3M National Student Fellowships for the founder of a mental health magazine and for a philanthropic rapper
UTM’s Wali Shah, UTSC’s Karen Young win prestigious educational leadership award
Karen Young has always felt empowered to highlight the untold stories that often slip through the cracks. Wali Shah was arrested at 15 but turned his life around, becoming a poet and rapper who raises money for charity.
The University of Toronto undergrads are two of just 10 post-secondary students from across Canada chosen by the Society for Teaching and Learning in Higher Education to receive the 2015 3M National Student Fellowship Award for demonstrating outstanding leadership.
“To me leadership is about bringing a community together,” says Young, a third-year student in UTSC’s specialist co-op psychology and major in health studies. “I firmly believe this brand of leadership can have a multiplying effect and transform a community for the better.”
Whether it’s the mental health challenges faced by youth, the experiences of immigrant and first-generation Canadians or simply fellow students looking to make their mark on the world, Young says there are powerful leadership lessons to be had from those who are often ignored.
Born in Scarborough to Chinese parents who have lived all over the world, Young was drawn to UTSC by its multicultural appeal. As an undergrad, she’s always sought out creative ways to highlight the unique voices present on campus. Co-founder of TEDxUTSC – the first campus-wide TEDx event at the University of Toronto – Young also helped bring the C3 Inspire conference to Toronto. The one-day conference connects aspiring student entrepreneurs to collaborate and create new initiatives.
Young also founded Minds Matter Magazine, U of T’s first student-run mental health magazine catering to students, their friends and family.
“I became aware at an early age that people deal with struggles that often leave them marginalized and I strongly felt that they shouldn’t suffer alone,” says Young, who will continue with the magazine as part of her co-op term. “Minds Matter is a way to bridge the disparity that exists between the University’s outstanding mental health research and the often unaddressed mental health issues facing students.”
“It’s so refreshing to meet a student who truly believes they can change the world and then looks for good ways to do so,” says UTSC psychology professor Steve Joordens, a recent recipient of the 3M Teaching Fellowship Award.
“Her efforts with TEDxUTSC and now Minds Matter shows she’s committed to transforming her passion for positive change into something tangible that all students can take part in.”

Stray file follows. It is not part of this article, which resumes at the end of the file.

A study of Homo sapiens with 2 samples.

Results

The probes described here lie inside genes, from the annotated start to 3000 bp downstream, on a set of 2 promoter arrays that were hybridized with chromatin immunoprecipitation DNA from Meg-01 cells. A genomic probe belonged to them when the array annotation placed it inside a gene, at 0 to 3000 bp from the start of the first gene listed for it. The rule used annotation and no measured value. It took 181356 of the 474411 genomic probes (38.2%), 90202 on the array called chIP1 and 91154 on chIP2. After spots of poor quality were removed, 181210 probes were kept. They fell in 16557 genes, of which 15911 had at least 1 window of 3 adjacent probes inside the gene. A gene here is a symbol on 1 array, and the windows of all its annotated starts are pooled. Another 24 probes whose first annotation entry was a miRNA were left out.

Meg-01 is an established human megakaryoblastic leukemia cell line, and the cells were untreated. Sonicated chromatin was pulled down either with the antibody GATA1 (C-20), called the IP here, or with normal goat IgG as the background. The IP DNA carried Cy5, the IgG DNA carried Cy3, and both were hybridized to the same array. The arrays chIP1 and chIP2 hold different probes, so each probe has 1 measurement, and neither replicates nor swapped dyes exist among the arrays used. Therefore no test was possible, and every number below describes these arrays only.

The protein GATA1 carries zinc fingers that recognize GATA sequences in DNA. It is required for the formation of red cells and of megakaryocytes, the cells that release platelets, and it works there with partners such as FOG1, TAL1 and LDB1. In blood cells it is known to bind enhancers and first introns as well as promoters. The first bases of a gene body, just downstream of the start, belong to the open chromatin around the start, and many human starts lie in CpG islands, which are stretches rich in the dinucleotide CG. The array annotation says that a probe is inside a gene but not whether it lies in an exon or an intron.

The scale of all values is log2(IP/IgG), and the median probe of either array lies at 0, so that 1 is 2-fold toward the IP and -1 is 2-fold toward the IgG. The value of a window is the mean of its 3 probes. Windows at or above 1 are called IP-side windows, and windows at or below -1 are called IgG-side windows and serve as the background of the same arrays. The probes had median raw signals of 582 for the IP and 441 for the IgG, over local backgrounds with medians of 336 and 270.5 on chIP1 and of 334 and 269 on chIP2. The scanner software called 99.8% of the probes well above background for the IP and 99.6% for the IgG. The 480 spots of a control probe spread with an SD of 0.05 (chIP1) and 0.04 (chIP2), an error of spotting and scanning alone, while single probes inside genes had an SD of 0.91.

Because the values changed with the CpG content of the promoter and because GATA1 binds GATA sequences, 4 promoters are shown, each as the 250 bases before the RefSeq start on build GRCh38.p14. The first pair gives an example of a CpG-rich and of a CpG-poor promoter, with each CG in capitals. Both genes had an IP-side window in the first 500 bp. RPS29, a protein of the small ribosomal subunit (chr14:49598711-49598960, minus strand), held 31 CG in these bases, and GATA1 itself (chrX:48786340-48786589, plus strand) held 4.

Shah is completing his second year in UTM’s social sciences program, but that nearly didn’t happen for the 20-year-old musician and poet from Mississauga whose turbulent adolescence included involvement with tough kids, violence and bullying. Arrested at 15, Shah decided to make some changes and, with the help of a teacher at his high school, learned to find more positive outlets for his energy: poetry and music.
By the time he graduated with honours from Cawthra Park Secondary School, Shah was an accomplished freestyle rap artist with a focus on "giving back to the community through positive messages.” He has gone on to become a UTM student, a recording artist, anti-bullying activist and is a popular speaker and fundraiser for the United Way of Peel Region.
As his alter-ego – rapper "Flo" – Shah raps about the social issues of which he had first-hand knowledge, like bullying and violence. He has appeared on MTV with Selena Gomez, freestyled with hip hop artist Kendrick Lamar (at right), and opened for Sarah McLachlan.
His debut anti-bullying music video, “King of the Castle,” is now used as a teaching aid by the Peel District School Board.
Through corporate speaking engagements, Shah helped to raise over a million dollars for the United Way of Peel Region’s 2012 campaign. Last year, he was named to Youth In Motion’s list of the “Top 20 Under 20” Canadians, and shared his message with thousands of students at alumnus Craig Kielburger’s “We Day” youth engagement conference in Toronto.
“I chose UTM because I wanted to stay in my community and keep giving back,” Shah says, adding that he hopes to become a teacher and help at-risk students like the kid he once was. “It’s a testament,” he says. “You can always make a change.”
Young says her hope is that students can be given greater leadership responsibilities, especially in a mental health context. To that end she’s looking to identify greater mentorship opportunities at UTSC.
“We have a growing alumni base being trained at one of the preeminent mental health hubs in Canada,” says Young. “There’s a wealth of mentorship opportunities right here – alumni to student – as a low-risk and proactive approach in addressing mental health issues.”
Young, who also serves on the board of directors for The Varsity, is currently doing research on the cognitive biases that underlie strategic decision-making under the supervision of UTSC psychology professor Gerald Cupchik and his former graduate student Michelle Hilscher.
Her advice to students is to listen to those around them, whether it’s staff, faculty, family, friends or even fellow students, there’s many valuable lessons to be learned from the insights of others. “Take the time and try to be a good listener. There’s so much you can learn.”
Don Campbell is a writer with UTSC; Blake Eligh is a writer with UTM.